Rotating mechanisms play a critical role on many spacecraft, assisting core functions such as attitude control and sensor pointing. At the heart of these complex devices are simple ball bearings, which must function smoothly and reliably—sometimes continuously, sometimes intermittently. These bearings—just like those in terrestrial applications—require a lubricant to reduce friction and optimize performance. However, bearings and their lubricants behave differently in space. That makes it difficult to determine just how much lubricant is needed—which is important, because maintaining proper operation of these components can have a direct impact on mission life. Moreover, operators generally can't reapply lubricants to a spacecraft in orbit.
A Smooth Collaboration
As explained by Dr. Peter Frantz of The Aerospace Corporation's Surface Science and Engineering Department, "With too little lubricant, space components will become depleted before meeting their required lifetime, resulting in premature wear and elevated drag torque due to dry sliding friction. With too much lubricant, components may suffer from high viscous drag, and precision instrumentation can have unacceptable torque noise."
Frantz was part of an interdisciplinary team of Aerospace researchers who applied their collective expertise in space mechanisms and surface science to help system designers better predict the effect of lubrication on ball bearings. The team constructed a specialized testing device and used it to evaluate the performance of bearings in a simulated space environment.
Dr. Yoshimi Takeuchi of the Mechanical Systems Department, working with Jerry Fuller of the Small Satellite Department, designed and built the test rig, which can measure thermal conductance and heat generation for bearings moving at constant speed as well as static bearings. "The hardware is highly versatile, having the ability to measure temperatures, conductance, and heat generation for a single bearing or bearing pair," Takeuchi said. "Heat input and output, as well as bearing temperatures, are measured across a spinning bearing under controlled axial loads in a vacuum environment," she explained. “Variables—including axial load, thermal environments, and rotational speed—can be controlled and varied to conduct parametric studies."
Takeuchi's team ran a series of such studies, and Frantz's group helped interpret the data, analyzing variations in lubricant distribution and its effect on drag torque and oil film thickness. The results indicate that the optimal amount of lubricant is not fixed for a given design, but changes with ball bearing speed, temperature, and load.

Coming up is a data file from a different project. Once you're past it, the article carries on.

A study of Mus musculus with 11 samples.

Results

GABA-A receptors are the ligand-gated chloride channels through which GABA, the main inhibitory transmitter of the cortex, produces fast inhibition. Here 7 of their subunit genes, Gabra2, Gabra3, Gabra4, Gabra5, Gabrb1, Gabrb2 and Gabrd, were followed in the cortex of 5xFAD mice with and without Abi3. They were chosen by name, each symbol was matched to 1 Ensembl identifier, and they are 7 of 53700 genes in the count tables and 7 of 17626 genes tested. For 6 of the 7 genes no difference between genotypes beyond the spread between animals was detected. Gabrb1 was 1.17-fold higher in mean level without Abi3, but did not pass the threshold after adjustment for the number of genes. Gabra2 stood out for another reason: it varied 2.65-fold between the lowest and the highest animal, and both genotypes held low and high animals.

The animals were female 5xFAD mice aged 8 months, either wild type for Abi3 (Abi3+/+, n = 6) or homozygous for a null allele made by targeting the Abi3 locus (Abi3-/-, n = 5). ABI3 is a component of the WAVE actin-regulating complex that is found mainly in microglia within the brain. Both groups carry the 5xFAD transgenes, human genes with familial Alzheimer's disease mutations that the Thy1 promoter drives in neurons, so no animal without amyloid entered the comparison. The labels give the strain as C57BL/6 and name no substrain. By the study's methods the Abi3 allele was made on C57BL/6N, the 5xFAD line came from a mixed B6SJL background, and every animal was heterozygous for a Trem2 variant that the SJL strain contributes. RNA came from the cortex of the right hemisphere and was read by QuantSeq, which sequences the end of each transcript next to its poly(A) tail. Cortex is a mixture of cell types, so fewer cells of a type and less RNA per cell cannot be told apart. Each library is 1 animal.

These findings are particularly important for two types of mechanisms: high-speed spinning devices (e.g., attitude control wheels), and suspension systems for rotating devices that must be thermally isolated (e.g., infrared sensors). "Ball bearings in high-speed devices are susceptible to thermal run-away if heat generation is not managed appropriately, and viscous dissipation in the lubricant is the largest driver of heat generation," Frantz explained. "Thermal conductance across ball bearings must be known with precision to model the thermal characteristics of optical sensors, and oil distribution in the ball/race contacts have a dominant influence."
Historically, system designers have found it difficult to analytically predict the power consumption, heat generation, and thermal conductance of a moving mechanism. "Each of these factors depends sensitively on the quantity and distribution of oil in the contacts between the balls and races of the bearings that suspend the device," Frantz said. "With the data that we have collected, we are providing guidelines for analysts to estimate lubricant quantity and to predict how it will change with temperature, rotational speed, and bearing loads. This will enable design engineers to optimize the amount of lubricant for future missions and improve the design of attitude control systems."
Takeuchi credits the unique collaboration between the scientific and engineering staff for producing practical results that will benefit a wide range of space missions. "This highly successful program has resulted in 17 publications, unique test data that contractors have depended on for their designs, and a world-leading expertise within The Aerospace Corporation," she said. "The level of success could not have been accomplished without an interdepartmental and interdisciplinary Aerospace team spirit."